The judge who will rule on the PFAS class action settlement between Williamtown residents and the federal government has invited any class action members who are dissatisfied with the proposed compensation deal to make their views known to the court.
Federal Court Judge Michael Lee made an order on Monday for noticies to be sent to class action members advising the settlement terms and the process for distributing the compensation.
Similar notices will also be sent to residents in Oakey, Queensland and Katherine in the Northern Territory where settlements were also reached.
Lawyers representing the three communities reached a proposed $212.5 million settlement with the government in late February for compensation for the loss of property values.
Williamtown residents received $86million, Oakley residents $34million and Katherine residents $92.5million.
Costs for the Williamtown class action are expected to be about 37 per cent of the community's settlement. By comparison, almost half of the Oakey community's settlement will be taken in costs.
While individual compensation amounts will vary, the court heard one Williamtown property had lost 20 per cent of its value as a result of PFAS contamination.
Justice Lee said he hoped compensation would flow through to members without undue delay.
However, an amicus - a independent barrister who would represent the interests of class action members - may be appointed if objections to the proposed settlement required further scrutiny by the court.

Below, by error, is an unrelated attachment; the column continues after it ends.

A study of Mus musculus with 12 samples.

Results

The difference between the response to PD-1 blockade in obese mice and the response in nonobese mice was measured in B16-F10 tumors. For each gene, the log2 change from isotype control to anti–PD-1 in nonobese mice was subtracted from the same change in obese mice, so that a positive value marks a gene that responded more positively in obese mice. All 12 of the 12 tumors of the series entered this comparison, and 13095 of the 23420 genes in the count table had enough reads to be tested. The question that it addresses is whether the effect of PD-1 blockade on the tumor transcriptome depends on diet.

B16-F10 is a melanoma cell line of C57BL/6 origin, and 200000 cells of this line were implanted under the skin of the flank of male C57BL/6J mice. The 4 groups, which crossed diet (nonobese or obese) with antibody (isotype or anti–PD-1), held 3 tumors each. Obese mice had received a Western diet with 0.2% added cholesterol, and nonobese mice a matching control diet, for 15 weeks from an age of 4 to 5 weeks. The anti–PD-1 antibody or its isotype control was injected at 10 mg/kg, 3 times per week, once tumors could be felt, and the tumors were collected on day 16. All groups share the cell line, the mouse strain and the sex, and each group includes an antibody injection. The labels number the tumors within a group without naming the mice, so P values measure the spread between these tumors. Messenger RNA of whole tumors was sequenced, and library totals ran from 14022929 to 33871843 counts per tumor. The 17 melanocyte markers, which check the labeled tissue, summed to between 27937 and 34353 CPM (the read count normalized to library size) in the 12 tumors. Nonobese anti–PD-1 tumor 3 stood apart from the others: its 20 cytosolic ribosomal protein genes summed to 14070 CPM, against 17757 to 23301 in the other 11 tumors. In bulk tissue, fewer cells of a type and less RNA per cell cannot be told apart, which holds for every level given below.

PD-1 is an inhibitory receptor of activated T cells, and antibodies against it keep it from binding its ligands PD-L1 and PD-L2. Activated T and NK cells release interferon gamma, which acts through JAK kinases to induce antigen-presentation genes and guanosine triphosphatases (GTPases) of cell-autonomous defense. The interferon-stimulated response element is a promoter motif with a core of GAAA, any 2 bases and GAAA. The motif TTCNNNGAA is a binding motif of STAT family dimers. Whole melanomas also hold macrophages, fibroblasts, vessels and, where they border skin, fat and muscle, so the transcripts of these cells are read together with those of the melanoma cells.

"I don't want to dissuade people from putting in a notice of objection," Justice Lee said.
Williamtown class action member Rob Roseworn has already written to the court to request that the lawyers be sent back to the negotiating table.
A hearing for approval of the terms of settlement will be held on June 4 and 5. Objectors to the settlement may also be heard at that time.
The court will also consider a proposed $20,000 payment to each of the steering committee members for the time they had spent assisting in the preparation of the class action.
A spokesman for the lawyers representing the Williamtown class action said the committee members had each invested hundreds of hours on the case.
"The legal team representing the Williamtown class members are concerned by the extent of uninformed commentary by a handful of people that seems to be taking place prior to receipt of these notices," he said.
"Such commentary has impacted unduly and unfairly on the Williamtown class action steering committee who have represented the interests of the Williamtown and surrounds communities during this long-running matter.
"From day one of this issue, residents on this steering committee have worked tirelessly and unselfishly for their community. That included robust and regular discussions about strategy and approach during the course of over 150 teleconferences with the legal team as well as conducting over 500 media interviews locally and nationally on behalf of the community.
"The importance of the work performed by the steering committee to assist the legal team cannot be underestimated and we thank them for their support.
"We know they have the support and thanks of the vast majority of their community and others around Australia that they've helped and supported on PFAS contamination.
"Their determination and resilience is remarkable and that deserves to be acknowledged.The legal team requests that any further issues with the settlement be raised through the appropriate court approved process, details of which will be set out it the Notices this week."